Youth water quality tests – Part 6 – Fecal coliform

Teach students about science by playing in the river! You can learn about the pollution in the river by studying fecal coliform.

This is the sixth article in a series by Michigan State University Extension which continues to discuss water quality test conducted as part of Global Rivers Environmental Education Network (GREEN). This international program began along the polluted Huron River in Ann Arbor, Mich. and has developed into a comprehensive educational program. By conducting some simple tests, students can learn about how clean or polluted nearby streams are.  Further investigation will allow the students to identify problems and help to improve rivers.

Young people can partner with local schools, watershed groups, lake associations, drain commissioner offices, conservation districts, nature centers or other groups to conduct these tests. 

The background
Fecal coliform bacteria are found in the feces of humans and other warm-blooded animals. These bacteria can enter rivers directly, from agricultural or storm runoff carrying wastes from birds and mammals. It can also enter rivers from human sewage discharged that goes into the water.  Fecal coliform by themselves are not all dangerous (pathogenic). Pathogenic organisms include bacteria, viruses and parasites that cause diseases and illnesses. Fecal coliform bacteria naturally occur in the human digestive tract and aid in the digestion of food. In infected individuals, pathogenic organisms are found along with fecal coliform bacteria.

If fecal coliform counts are high (over 200 colonies per 100 mL of water sample) in the river, there is a greater chance that pathogenic organisms are also present. A person swimming in such waters has a greater chance of getting sick from swallowing disease-causing organisms, or from pathogens entering the body through cuts in the skin, the nose, mouth or the ears. Diseases and illness such as typhoid fever, hepatitis, gastroenteritis, dysentery and ear infections can be contracted in waters with high fecal coliform counts.
Pathogens are relatively scarce in water, making them difficult and time-consuming to monitor directly. Instead, fecal coliform levels are monitored because of the correlation between fecal coliform counts and the probability of contracting a disease from the water.

Cities and suburbs sometimes contribute human wastes to local rivers through their sewer systems. A sewer system is a network of underground pipes that carry wastewater.

In a separate sewer system, sanitary wastes (from toilets, washers and sinks) flow through sanitary sewers and are treated at the wastewater treatment plant. Storm sewers carry rain and snow melted from streets and discharge untreated water directly into rivers. Heavy rains and melting snow wash wildlife, livestock and pet wastes from sidewalks and streets while may "flush out" fecal coliform from illegal sanitary sewer connections into the storm sewers.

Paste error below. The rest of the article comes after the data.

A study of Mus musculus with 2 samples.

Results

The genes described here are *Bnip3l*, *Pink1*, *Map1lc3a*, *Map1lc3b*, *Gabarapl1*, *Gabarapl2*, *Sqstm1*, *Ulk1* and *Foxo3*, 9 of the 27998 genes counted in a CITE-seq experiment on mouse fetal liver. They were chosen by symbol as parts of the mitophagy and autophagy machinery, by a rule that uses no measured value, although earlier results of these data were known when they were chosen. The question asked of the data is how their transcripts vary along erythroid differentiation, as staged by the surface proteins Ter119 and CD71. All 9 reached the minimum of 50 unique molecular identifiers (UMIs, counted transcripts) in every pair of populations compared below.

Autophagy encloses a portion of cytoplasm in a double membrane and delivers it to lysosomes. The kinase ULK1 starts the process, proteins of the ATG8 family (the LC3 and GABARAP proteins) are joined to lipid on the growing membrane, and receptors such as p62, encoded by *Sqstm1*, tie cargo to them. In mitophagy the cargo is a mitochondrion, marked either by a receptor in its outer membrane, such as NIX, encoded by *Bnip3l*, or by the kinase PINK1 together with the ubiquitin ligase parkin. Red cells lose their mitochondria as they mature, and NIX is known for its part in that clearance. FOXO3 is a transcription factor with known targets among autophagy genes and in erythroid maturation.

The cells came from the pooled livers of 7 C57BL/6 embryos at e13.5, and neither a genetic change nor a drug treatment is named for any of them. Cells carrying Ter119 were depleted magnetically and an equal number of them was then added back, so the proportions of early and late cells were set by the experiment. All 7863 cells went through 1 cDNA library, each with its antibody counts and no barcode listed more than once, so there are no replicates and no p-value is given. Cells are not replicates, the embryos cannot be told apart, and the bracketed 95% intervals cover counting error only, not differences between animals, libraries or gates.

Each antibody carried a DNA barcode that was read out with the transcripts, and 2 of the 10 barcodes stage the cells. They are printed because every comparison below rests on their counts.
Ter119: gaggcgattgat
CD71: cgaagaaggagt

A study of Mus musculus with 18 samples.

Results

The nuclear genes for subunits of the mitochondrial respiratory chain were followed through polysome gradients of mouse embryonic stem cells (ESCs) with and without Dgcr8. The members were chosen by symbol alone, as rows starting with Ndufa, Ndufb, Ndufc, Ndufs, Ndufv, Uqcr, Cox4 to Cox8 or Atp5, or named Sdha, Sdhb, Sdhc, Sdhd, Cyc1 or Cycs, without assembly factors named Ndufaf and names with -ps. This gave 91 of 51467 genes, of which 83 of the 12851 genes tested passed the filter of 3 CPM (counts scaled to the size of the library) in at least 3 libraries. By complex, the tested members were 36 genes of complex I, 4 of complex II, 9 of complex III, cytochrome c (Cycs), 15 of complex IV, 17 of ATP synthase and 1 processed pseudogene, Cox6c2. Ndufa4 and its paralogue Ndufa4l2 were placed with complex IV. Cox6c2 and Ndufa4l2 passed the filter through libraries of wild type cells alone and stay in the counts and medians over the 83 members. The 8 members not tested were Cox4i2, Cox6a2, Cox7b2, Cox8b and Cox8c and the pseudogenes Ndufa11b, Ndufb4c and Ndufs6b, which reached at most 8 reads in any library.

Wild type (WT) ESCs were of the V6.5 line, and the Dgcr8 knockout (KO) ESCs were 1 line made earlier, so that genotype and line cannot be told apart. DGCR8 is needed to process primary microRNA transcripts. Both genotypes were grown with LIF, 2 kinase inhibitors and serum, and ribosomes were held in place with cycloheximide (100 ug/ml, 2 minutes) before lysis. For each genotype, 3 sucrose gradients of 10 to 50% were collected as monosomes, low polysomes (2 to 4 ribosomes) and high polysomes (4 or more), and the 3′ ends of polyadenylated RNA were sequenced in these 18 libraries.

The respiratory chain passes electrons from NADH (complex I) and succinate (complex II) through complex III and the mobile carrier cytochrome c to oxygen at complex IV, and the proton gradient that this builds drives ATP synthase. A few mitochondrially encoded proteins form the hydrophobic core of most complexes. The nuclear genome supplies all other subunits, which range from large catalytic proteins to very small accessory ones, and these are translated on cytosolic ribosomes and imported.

In a combined sewer system, sanitary wastes and storm runoff are treated at a wastewater treatment plant. After a heavy rain, untreated or inadequately treated waste may be diverted into the river to avoid flooding the wastewater treatment plant. To avoid this problem, some cities have built retention basins to hold excess waste water and prevent untreated wastes from being discharged into rivers. Without retention basins, heavy rain conditions can result in high fecal coliform counts downstream from sewage discharge points. That is why it is important to note weather conditions on the days before a fecal coliform measurement.

E. coli vs. fecal coliform
Total coliform bacteria are a group of easily cultured organisms used to indicate water quality. The U.S. Environmental Protection Agency considers any total coliform to be unacceptable in drinking water. Total coliform bacteria consist of environmental and fecal types. Coliforms are easy to isolate, present in larger numbers and usually survive longer in an aquatic environment than viruses, parasites and more serious types of bacteria. Most of the total coliforms are not considered pathogens under normal conditions.
E. coli is a species of coliform bacteria that is directly linked to fecal contamination by the wastes of warm-blooded animals, including humans. Some strains are pathogens in humans.

Non-coliform bacteria are mainly environmental organisms and in large numbers can compete with total coliform and make it difficult for coliform(s) to be detected. High levels of non-coliform bacteria indicate a reduction in water quality.

The test
There are several methods used by volunteers to measure fecal coliform bacteria.  They have been discussed by the University of Wisconsin’s Volunteer monitoring program.

Looking at the data and what kids can do to make it better
Fecal coliform is a serious issue which can impact the health of those swimming or wading in the water.  Students can work with local health departments and the county board of commissioner to implement more testing of bathing beaches or septic systems.  Some counties in Michigan have no requirements that septic systems ever get tested.

Finding the source of pollution is important as well.  Fecal coliform bacteria can come from any warm-blooded animal.  Sources could be leaking sewage pipes or septic systems.  Pet, livestock and wild animals such as geese could also be the source.  Addressing the specific source of bacteria can eliminate the problem.